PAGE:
STEM Education and Globalization: How Do Our Young Adults Shape Up in a Globalized Technological World?
By Paul F. Renda
November 7, 2022
The Organization for Economic Cooperation and Development (OECD)  has developed a framework to assess how well adults and young adults perform Problem Solving in a Technologically Rich Environment (PSTRE) . One part of the OECD is the Program for International Assessment of Adult Competencies (PIAAC) . From the Internet to artificial intelligence and neural networks, we are surrounded by technology.
Science, Technology, Engineering, and Math (STEM) jobs are the highest-paying jobs available  and can provide an avenue for entering the upper middle class. This high remediation of wages is especially attractive because the middle class purchasing power has not increased had a raise in in 40 years. Figure 1 shows purchasing power for the past 40 years.
The problem with talking about STEM or, for that matter, any type of technological capability is how to quantify it. How do you define it on an international basis of how students and the general public perform? A simple example is one person being able to code and print out “HELLO WORLD,” while another individual can code a program with a multidimensional array and sort the variables by their standard deviations. Both individuals can code; however, they have massive differences in their capabilities. So, how does one measure somebody’s capabilities in the increasingly complex STEM-based technological world?
The PIAAC has developed a solution to this problem, an assessment referred to as PSTRE , illustrated in Figure 2.
Figure 3 shows the scores for the PIAAC  test for PSTRE for adults aged 16 to 65. While Japan had the highest score of 294, the United States scored 277. This score is basic level 1 ( definition from figure 2). It’s hard to believe that a handful of American boys created Microsoft, Apple, Amazon, and Google. How can the majority of US citizens be so far behind? Remember, Japan and Finland are at the top of the list.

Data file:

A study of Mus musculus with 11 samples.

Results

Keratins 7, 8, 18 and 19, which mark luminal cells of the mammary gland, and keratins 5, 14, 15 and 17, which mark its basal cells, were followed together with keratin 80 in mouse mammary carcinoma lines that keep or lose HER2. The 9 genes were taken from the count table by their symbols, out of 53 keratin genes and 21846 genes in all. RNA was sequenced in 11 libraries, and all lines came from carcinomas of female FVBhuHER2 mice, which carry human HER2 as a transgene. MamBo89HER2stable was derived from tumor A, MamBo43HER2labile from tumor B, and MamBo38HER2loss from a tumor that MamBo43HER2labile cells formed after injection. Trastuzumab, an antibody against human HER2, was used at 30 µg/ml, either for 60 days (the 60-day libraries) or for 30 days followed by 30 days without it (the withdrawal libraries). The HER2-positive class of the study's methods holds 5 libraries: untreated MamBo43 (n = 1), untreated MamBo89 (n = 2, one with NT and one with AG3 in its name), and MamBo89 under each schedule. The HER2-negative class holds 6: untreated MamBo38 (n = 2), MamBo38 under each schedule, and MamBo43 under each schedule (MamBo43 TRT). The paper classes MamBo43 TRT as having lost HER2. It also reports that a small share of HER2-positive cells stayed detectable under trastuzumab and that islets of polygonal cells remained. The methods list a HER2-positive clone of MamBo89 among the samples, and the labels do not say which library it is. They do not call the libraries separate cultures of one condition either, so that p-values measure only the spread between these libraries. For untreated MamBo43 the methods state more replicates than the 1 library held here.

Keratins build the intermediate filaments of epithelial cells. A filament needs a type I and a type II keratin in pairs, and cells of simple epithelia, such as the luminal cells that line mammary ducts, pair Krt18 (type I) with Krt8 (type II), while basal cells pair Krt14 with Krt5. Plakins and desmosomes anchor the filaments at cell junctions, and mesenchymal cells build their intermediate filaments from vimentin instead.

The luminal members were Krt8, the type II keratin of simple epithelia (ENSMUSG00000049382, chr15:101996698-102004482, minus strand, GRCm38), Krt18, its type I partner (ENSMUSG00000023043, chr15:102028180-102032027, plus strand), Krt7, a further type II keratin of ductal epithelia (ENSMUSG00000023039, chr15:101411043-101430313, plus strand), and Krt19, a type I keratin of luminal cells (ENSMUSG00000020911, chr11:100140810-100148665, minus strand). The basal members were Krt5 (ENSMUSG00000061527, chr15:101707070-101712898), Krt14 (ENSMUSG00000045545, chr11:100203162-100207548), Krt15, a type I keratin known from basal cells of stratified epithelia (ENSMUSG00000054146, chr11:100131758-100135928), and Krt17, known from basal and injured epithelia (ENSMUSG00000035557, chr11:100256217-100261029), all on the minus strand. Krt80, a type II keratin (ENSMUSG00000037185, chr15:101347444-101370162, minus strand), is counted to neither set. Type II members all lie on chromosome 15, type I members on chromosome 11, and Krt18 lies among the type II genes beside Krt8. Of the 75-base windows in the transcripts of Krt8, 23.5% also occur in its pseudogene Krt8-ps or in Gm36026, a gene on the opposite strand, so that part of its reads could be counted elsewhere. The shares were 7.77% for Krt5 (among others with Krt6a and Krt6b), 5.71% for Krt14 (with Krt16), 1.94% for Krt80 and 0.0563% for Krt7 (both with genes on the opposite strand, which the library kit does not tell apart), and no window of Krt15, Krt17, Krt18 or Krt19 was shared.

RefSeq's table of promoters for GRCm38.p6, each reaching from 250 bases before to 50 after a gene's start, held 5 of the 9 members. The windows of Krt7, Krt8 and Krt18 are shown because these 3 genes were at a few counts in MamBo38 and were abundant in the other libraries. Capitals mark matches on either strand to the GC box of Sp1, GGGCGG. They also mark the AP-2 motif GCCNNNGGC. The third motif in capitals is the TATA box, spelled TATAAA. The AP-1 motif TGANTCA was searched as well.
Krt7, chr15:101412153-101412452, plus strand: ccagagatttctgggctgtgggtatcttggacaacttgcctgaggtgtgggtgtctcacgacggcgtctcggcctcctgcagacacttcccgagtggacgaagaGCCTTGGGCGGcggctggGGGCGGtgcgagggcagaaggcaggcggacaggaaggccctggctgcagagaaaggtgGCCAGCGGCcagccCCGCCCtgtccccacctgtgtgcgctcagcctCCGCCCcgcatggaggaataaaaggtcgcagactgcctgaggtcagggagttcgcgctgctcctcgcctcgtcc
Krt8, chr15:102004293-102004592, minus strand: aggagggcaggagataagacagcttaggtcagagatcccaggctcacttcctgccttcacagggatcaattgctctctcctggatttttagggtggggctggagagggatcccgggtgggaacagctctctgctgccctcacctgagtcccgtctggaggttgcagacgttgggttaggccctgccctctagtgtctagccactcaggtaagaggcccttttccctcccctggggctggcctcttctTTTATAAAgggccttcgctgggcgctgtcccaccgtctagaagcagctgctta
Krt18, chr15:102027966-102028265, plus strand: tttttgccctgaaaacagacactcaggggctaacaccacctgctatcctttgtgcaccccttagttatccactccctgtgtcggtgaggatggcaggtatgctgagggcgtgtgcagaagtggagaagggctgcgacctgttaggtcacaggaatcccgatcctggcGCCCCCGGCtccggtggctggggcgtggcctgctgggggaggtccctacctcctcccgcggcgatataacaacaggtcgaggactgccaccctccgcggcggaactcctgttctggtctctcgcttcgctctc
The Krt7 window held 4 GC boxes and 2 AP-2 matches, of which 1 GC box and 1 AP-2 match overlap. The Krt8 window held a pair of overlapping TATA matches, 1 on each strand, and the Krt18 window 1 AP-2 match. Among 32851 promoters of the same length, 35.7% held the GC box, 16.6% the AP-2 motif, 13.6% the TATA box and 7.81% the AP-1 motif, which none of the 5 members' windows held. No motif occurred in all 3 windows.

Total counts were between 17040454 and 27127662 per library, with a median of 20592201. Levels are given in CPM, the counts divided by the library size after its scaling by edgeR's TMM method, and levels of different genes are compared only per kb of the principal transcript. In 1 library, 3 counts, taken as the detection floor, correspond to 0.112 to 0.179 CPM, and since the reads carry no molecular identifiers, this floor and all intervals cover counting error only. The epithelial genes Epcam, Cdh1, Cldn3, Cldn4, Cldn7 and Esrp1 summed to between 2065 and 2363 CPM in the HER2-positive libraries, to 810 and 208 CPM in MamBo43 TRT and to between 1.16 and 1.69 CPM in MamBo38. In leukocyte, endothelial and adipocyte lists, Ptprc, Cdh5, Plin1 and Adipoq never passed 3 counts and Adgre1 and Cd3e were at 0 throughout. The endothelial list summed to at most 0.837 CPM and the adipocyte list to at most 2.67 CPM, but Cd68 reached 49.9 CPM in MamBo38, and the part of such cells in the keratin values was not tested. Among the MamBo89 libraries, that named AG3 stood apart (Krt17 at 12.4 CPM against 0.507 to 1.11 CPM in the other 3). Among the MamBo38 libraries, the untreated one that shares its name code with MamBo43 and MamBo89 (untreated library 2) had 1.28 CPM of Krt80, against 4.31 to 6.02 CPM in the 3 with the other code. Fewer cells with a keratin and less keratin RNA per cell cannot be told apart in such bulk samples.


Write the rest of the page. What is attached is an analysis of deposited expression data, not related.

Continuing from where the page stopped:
Figure 4 shows that US students score at the bottom of international test results for 17-year-olds taking courses in algebra . As with the scores for PSTRE, Japan and Finland have among the highest scores related to algebra. There is a correlation between how well students do in algebra and how well they do in PSTRE  and, by extension, their ability to have high-paying jobs in the future. You should not infer from the chart that people going to college are the most technologically sophisticated. A number of the founders of the previously mentioned PSTRE companies were college dropouts. A myth about technological sophistication in this digital age is that if you teach young kids coding, they will work in PSTRE; however, various publications  have shown that this is incorrect. Coding does not teach problem solving.
Figure 5 shows digital skill levels among employed youth ages 16–24 by race. Only 3% of white youth aged 16 to 24 scored at the advanced applied digital skills level (3 definition from figure 2). At level 2, the percentage is 46%. This level is most likely the skill level needed in today’s factories and offices because of written procedures on how the work needed to be done( at level 2 definition “Can use tools to solve a problem where the criteria to be met are explicit).
The online magazine Quillette published an article titled “As US schools prioritize diversity over Merit, China is becoming the world STEM leader” . This article references a chart from the Program for International Student Assessment (PISA), which is also part of the OECD. The PISA measures 15-year-old students’ achievement in math, reading, and science . Notice that China’s four cities have the highest scores (from the report only 4 cities were tested). The chart is reproduced in Figure 6.
It’s hard to be optimistic. Only 3% of white young adults in America can work at the highest level of technically complex jobs . For African Americans, it’s 0%. US citizens aged 16 to 65 score at a low basic level of 1 in PSTRE.
One inference from figure 1 and figure 5 is that the living standard will be very challenged for the US middle class.
This article is dedicated to my father, Tom Renda. He just passed at 97. He was a member of the 4th Infantry Division which played a large role in World War II, as it was chosen to spearhead operations on D-Day, the day Allied forces invaded the beaches of Normandy. Please note the Purple Heart and the D-Day Operation Overlord medal.
About the Author
Paul F. Renda has spent over 30 years in information security. He has spoken at a number of above-ground and below-ground hacker conferences. He studied physics and math at Queens College and the University of Houston, and he has worked as a system administrator for IBM Z/OS and Linux systems. He was also recruited (recruited is a nice, friendly way to put it) by the FBI/NYPD Joint Terrorism Task Force to provide open-source high-impact information. The Russian Federation and the Department of Defense also wanted to become Paul’s friend. He declined the friendship overture from the Russian Federation.